For centuries Thomas has been synonymous with doubting, within this lesson we look at both the doubter and the declarations he makes showing his deep, if sometimes over enthusiastic, faith. These games play on those 2 ideas of questioning and making statements.
Feel bags– In a story where the real action is all to do with touch feel bags are a great activity to lead into a discussion of how we use our senses to prove / verify what is real. Fill some small non-transparent bags with various objects and have the kids identify the contents through touch alone.
Replace the missing piece – Print some photo images. Remove one or more small sections from each image and stick it onto a piece of card. Write a letter on the cards with sections and number each large image. The object of the game is to match the letters and numbers. if you want to give your children a reason to move stick these around the room and make it a timed activity, this will encourage movement. Featured originally in the attributes of God lesson. (pictured)
Declare– Write the words true and false and stick them to a desk or wall. When the adult reads out the statements below have the children put their hand on the desk or wall to show they think it’s true or false. End with a discussion about how we decide which statements to believe.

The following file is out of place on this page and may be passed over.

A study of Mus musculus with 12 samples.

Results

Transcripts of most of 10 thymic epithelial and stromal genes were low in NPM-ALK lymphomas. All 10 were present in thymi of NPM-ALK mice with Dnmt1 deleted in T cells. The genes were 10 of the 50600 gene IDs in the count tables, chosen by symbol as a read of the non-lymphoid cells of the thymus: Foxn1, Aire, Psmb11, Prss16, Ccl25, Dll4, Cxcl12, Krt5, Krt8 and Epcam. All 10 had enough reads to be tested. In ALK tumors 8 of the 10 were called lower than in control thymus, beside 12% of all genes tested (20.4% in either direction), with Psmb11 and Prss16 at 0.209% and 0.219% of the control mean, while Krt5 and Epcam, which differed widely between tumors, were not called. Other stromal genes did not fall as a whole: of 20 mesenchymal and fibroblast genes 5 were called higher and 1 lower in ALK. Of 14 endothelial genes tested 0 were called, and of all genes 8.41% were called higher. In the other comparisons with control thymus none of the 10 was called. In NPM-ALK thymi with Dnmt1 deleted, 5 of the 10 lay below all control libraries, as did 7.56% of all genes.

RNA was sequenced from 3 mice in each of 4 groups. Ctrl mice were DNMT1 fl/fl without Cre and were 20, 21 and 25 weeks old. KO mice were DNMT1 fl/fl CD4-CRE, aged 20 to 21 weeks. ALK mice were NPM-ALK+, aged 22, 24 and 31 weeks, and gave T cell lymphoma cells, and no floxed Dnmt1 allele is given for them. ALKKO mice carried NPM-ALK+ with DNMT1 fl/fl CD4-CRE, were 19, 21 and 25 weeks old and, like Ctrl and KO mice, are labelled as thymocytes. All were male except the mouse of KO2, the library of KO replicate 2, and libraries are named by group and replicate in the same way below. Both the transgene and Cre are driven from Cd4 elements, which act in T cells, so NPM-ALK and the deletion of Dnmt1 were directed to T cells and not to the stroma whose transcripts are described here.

1. A group of owls is called a ‘parliament’ – True
2. The leaves on a potato plant are poisonous – True
3. In space you cannot cry – True no gravity
4. Women can read smaller print than men – False men are actually a bit better
5. Women can hear better than men – True
6. A duck’s quack doesn’t echo – True
7. A pregnant goldfish is called a twit – True
8. The inventor of the light bulb, Thomas Edison, was afraid of the dark – True
9. The words “Poor” and “poverty” are written over 400 times in the Bible – True
10. Snow White was Walt Disney’s favourite animated heroine – False he liked Cinderella.
Convincing Thomas – This is a really simple group game, similar to the post-it note game, where you need to describe a mystery person. Start by choosing someone to be Thomas and send them out of the room for one moment. Then choose a familiar person to describe. When Thomas returns say that you were visited by someone but you’ve forgotten their name. Obviously you can’t use the persons name to describe them but you can use other details. Adapt the game to the ages of your child by describing by only answering questions, or through mime, or by limiting the number of words each person can say.
Tap whispers – Just like playing Chinese whispers, sit the children in a circle. have the children stretch out their left hands palm down and tap lightly on their neighbours hand with their right hands. Tap a light rhythm and pass it round the circle. Children may want to close your eyes to help them concentrate, if you can have the left hand palm up. Repeat allowing the children to choose the pattern. Talk about how sensitive our hands are and how we use touch to communicate and reassure.